Jeff Kaufman

Software Engineer @ Nucleic Acid Observatory
10175 karmaJoined Aug 2014Working (6-15 years)Somerville, MA, USA
www.jefftk.com

Bio

Software engineer in Boston, parent, musician. Recently switched from earning to give to direct work in pandemic mitigation. Married to Julia Wise. Speaking for myself unless I say otherwise.

Full list of EA posts: jefftk.com/news/ea

Comments
647

The opinion is quite a crazy read: the justices generally agreed on the outcome, but it's a patchwork of "concurring in part and dissenting in part"s.

I think these considerations only make a difference between waiting one or two weeks for a response and sending one versus several emails to a couple of people if there’s no response the first time.

I'm not sure I understand this part?

If you're sending a draft as a heads up and don't get a response, I don't think politeness requires sending several emails or waiting more than a week?

Then this is not the right test for the question we're talking about. This study is saying "we didn't find strong evidence that vegan diets increase the risk of lower urinary tract dysfunction in vegan cats" but Knight is interpreting it as if it says "we found strong evidence that vegan diets don't increase the risk of lower urinary tract dysfunction in vegan cats".

However, neither our recent study (forthcoming), nor Dodd et al.’s 2021 study, showed any increased risk of lower urinary tract dysfunction in vegan cats. Dodd et al. included 1,026 cats whose diets were known, of whom 187 (18%) were fed vegan diets. We included 1,369 cats, of whom 127 (9%) were fed vegan diets. The prevalence of lower urinary tract dysfunction was not statistically significantly different between cats fed vegan and meat-based diets, in either study. Hence, this concern appears to have been unfounded.

Dodd has:

Considering the suggested increased risk of urinary tract diseases in cats fed PB diets [22], this health disorder was chosen for sample size estimation. Assuming the proportion of cats fed MB with urinary tract disorders was 4%, calculation of the sample size comparing two different proportions with the estimation that three times as many cats fed PB would have urinary tract disorders (12%), yielded a required sample size of 116 cats per diet category.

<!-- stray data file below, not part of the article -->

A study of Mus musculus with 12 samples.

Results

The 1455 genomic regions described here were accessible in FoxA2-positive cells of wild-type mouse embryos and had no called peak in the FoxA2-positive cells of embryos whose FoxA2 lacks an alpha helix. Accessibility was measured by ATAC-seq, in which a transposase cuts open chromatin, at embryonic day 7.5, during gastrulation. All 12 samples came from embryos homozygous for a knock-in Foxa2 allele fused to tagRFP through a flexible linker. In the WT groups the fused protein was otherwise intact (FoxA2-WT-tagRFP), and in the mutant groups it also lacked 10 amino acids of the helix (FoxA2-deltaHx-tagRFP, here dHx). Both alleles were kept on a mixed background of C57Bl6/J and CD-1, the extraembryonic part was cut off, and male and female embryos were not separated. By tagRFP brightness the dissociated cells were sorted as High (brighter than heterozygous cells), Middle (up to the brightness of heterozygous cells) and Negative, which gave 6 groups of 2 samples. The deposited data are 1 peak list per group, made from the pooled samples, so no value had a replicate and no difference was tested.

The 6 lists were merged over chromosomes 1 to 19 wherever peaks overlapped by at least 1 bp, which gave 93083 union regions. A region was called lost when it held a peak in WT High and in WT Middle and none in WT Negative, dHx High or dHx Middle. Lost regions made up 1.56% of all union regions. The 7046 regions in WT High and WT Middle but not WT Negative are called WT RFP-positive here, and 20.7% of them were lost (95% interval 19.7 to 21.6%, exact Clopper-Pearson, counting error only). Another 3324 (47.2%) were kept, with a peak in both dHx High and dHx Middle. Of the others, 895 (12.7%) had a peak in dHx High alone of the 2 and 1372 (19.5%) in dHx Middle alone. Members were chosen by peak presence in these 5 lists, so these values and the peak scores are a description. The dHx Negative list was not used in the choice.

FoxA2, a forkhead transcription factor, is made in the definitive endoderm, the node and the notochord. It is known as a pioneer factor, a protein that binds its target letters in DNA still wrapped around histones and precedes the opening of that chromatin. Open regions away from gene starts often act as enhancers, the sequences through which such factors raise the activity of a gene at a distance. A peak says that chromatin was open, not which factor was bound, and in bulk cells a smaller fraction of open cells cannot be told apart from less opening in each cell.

If I'm reading this correctly, if urinary tract disorders were 8% in vegan cats compared to 4% in meat-eating ones they probably would have ended up with a result of "no significant difference"?

Thanks! It's pretty weird that they'd make their product harder to use in a way that should be really easy to fix.

Replacing even a fraction of meat consumption has a sizeable impact–a study last year estimated that replacing a mere 20% of beef with microbial protein would halve the rate of deforestation. Therefore, replacing a significant fraction of the meat that cats consume would help prevent trees from being cut down. Moreover, getting cats to eat 20% less meat in terms of chicken in the United States would save nearly half a billion chicken a year from brutal livelihood and slaughter.

The statistics you link are based on meat for human consumption, but as you note later current cat food is cheap waste products. While we shouldn't treat these as having no effect on the amount of animals raised and killed, it seems to me it should be quite a bit smaller than the effect of changing the demand for the expensive portions of the animals?

Vegan cat owners also have more work to do. When a cat is transitioned to a vegan diet, their urine must be monitored for changes in pH. Meat-based food tends to be more acidic than vegan food, which cats are not adapted to. When a cat’s urine is too alkaline, they are prone to forming mineral crystals in their urine, which are painful to eliminate. Owners must acidify their cat’s food as needed.

Why isn't the vegan cat food appropriately acidic from the manufacturer? Is this related to the limited ingredients problem you describe after?